Once September rolls around and harvest begins, the jam-packed weeks of picking, sorting, crushing and fermenting fly by. With so much happening in such a short amount of time, it can be hard to follow all the steps in the winemaking process that occur after the fruit is harvested. Each step on the journey from vine to barrel (detailed below) is crucial to making our award-winning classic Oregon wines.
Grapes are transported to the production pad at the Estate from our different blocks on property and single-vineyard sites and are then sorted for quality. Wine grapes used to make our Pinot Noirs (excluding our Whole Cluster Pinot Noir) and other red wines are put through the crusher destemmer, then the juice (called must at this point) is placed with the skins into small bin fermentation containers. Wine grapes for our white wines are immediately sent to the press, with the skins separated from the juice right after pressing.
Sorting grapes as they arrive at the production pad.
Fermentation tanks in wine cellar.
After pressing, the juice for white wine and rosé is left to cold settle for a day, then racked off it’s solids into stainless steel tanks or barrels for fermentation. Reds will be placed in small fermentation bins or tanks, with the grapes separated from the stems or as whole cluster for our Whole Cluster Pinot Noir.
Once in tanks, yeast is added. Yeast consumes the sugar from the grapes and produces ethanol, carbon dioxide and other compounds, such as the esters (a chemical compound derived from acid) that create each wine's unique bouquet. We use a few of different yeast strains, trying to work with yeast that are neutral in order to let the fruit express its uniqueness if it's growing site.
Adding yeast to grapes in fermentation bin.
Tracking fermentation progress in wine lab.
Once the yeast is added, fermentation can begin. Red wines ferment at warmer temperatures than white wine, usually between 80-90 degrees, while white wine ferments at about 50 degrees. Red wines are purposefully kept warm to maximize the amount of color and phenolic compounds extracted from the skins, while whites and rosé are kept cold to preserve their fruit-forward notes. While the red wine ferments, carbon dioxide is released and remaining grape seeds and skins rise to the surface.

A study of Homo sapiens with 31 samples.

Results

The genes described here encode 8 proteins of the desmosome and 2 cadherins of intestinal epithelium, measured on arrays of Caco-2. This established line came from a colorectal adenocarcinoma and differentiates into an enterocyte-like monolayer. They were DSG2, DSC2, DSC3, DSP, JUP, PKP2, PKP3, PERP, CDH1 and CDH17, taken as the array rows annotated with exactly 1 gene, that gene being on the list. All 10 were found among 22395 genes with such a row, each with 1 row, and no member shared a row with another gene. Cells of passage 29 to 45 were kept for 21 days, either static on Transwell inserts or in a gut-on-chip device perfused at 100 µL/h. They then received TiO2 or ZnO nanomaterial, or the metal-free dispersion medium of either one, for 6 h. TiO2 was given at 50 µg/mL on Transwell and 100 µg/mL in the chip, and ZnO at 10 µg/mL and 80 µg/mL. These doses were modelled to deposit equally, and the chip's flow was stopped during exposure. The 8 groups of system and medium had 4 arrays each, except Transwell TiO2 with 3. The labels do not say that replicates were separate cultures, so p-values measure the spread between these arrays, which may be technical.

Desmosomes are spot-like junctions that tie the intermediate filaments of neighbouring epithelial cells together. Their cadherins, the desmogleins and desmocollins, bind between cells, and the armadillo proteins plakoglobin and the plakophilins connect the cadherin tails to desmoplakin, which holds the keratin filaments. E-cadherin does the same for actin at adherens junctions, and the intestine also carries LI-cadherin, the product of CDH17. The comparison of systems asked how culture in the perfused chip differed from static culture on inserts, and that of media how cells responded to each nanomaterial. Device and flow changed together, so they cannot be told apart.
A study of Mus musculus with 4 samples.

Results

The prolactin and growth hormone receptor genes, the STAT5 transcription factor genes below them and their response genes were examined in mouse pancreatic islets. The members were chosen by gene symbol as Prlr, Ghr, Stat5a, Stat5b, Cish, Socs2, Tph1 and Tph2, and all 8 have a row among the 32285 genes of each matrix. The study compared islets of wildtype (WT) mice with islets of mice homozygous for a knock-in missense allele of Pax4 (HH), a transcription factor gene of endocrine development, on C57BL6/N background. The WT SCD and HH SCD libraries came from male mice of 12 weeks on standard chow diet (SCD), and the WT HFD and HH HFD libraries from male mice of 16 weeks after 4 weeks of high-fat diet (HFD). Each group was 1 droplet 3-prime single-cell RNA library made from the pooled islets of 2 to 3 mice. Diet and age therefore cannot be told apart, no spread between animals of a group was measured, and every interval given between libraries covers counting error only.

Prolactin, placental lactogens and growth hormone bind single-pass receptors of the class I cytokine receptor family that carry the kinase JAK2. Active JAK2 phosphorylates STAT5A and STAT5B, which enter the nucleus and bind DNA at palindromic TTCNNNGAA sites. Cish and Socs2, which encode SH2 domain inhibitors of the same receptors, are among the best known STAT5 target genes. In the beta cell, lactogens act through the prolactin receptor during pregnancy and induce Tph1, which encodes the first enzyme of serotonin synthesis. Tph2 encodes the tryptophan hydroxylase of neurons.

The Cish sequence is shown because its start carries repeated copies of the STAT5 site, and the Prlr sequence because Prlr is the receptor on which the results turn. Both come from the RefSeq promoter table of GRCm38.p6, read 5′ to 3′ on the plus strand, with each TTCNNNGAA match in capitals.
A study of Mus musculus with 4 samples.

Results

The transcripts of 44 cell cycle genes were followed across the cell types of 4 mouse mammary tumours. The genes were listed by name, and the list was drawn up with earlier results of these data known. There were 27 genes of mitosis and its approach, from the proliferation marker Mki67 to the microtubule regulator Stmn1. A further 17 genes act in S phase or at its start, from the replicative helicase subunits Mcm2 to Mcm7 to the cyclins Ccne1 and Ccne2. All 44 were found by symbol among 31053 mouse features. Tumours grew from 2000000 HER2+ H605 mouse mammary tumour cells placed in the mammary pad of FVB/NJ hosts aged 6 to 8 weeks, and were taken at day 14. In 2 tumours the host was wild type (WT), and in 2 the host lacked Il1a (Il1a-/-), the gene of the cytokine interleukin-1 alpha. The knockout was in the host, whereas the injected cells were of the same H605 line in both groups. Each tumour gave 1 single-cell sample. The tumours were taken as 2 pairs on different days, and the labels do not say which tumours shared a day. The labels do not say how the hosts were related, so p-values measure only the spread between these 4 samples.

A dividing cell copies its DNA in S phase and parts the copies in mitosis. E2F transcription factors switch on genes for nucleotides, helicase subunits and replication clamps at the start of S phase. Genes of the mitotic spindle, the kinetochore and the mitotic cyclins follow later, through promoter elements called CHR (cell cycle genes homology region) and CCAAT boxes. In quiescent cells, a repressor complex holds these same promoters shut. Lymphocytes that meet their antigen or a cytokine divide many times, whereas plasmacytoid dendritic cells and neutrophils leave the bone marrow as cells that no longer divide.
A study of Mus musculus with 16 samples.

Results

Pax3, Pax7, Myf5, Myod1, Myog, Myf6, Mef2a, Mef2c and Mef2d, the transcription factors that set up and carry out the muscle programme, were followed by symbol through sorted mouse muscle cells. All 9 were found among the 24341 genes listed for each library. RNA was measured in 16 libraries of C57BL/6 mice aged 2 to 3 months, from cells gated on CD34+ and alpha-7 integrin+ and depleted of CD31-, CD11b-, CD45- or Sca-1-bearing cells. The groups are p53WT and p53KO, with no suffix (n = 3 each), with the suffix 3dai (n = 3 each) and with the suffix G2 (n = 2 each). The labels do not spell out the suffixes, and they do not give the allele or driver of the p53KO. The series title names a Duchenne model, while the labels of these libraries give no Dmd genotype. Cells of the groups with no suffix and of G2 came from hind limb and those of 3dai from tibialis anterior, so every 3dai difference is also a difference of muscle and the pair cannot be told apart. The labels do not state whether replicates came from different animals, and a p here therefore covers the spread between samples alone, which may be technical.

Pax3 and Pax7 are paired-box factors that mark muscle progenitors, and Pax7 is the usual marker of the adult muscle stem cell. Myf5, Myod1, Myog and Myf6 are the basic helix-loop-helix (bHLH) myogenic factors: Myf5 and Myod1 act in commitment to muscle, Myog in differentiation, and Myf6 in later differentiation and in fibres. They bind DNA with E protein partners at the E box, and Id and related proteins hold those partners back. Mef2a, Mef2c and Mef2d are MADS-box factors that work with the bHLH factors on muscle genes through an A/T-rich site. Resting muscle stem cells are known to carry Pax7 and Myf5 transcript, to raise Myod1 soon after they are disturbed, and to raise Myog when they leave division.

Once fermentation is underway, punch downs for red wines can begin. Our cellar workers use long metal poles with round disks at the bottom to submerging the grape seeds and skins back into the juice to extract color and aroma. Punchdowns are done twice a day and last anywhere from 12-15 days.
Punching down grape skins and seeds to extract color and aroma.
Barrels ready for wine to be transferred from fermentation bins and tanks.
White wines are left on their lees, which consists of no longer actively fermenting yeast, to keep the wines fresh and develop complex flavors and aromas. Reds are moved from their small fermentation bins to the press to separate grape skins from the wine before being moving into barrel.
Barrels add flavors and aromas such as vanilla, hazelnut or toast. The oak from newer barrels can also heavily impact tannins and allow for slow ingress of oxygen, making the wine smoother and adding complexity. Some barrels are inoculated (the addition of active malolactic acid bacteria cultures) to allow for Malolactic Fermentation, converting the naturally occurring Malic Acid (think green apple) into Lactic Acid (think cream), softening a wine and adding additional levels of complexity. We do Malolactic Fermentation for almost all of our red wines, as well as most of our Chardonnay.
Wines are left to age, being continually monitored, stirred and tasted to track their progress. As they age, some wine evaporates and/or soaks into the wood of the barrel, so barrels are topped off throughout the process. As maturation concludes, winemakers taste test each barrel, working on creating blends that perfectly balance the varietal character, oak, and best express the varietal terroir of the vineyard site.
Sparkling wine bottles.
Wine is then racked and/or filtered before being sent to the bottling line. After bottling, wines are left in the cellar to mature in bottle until they are ready for release.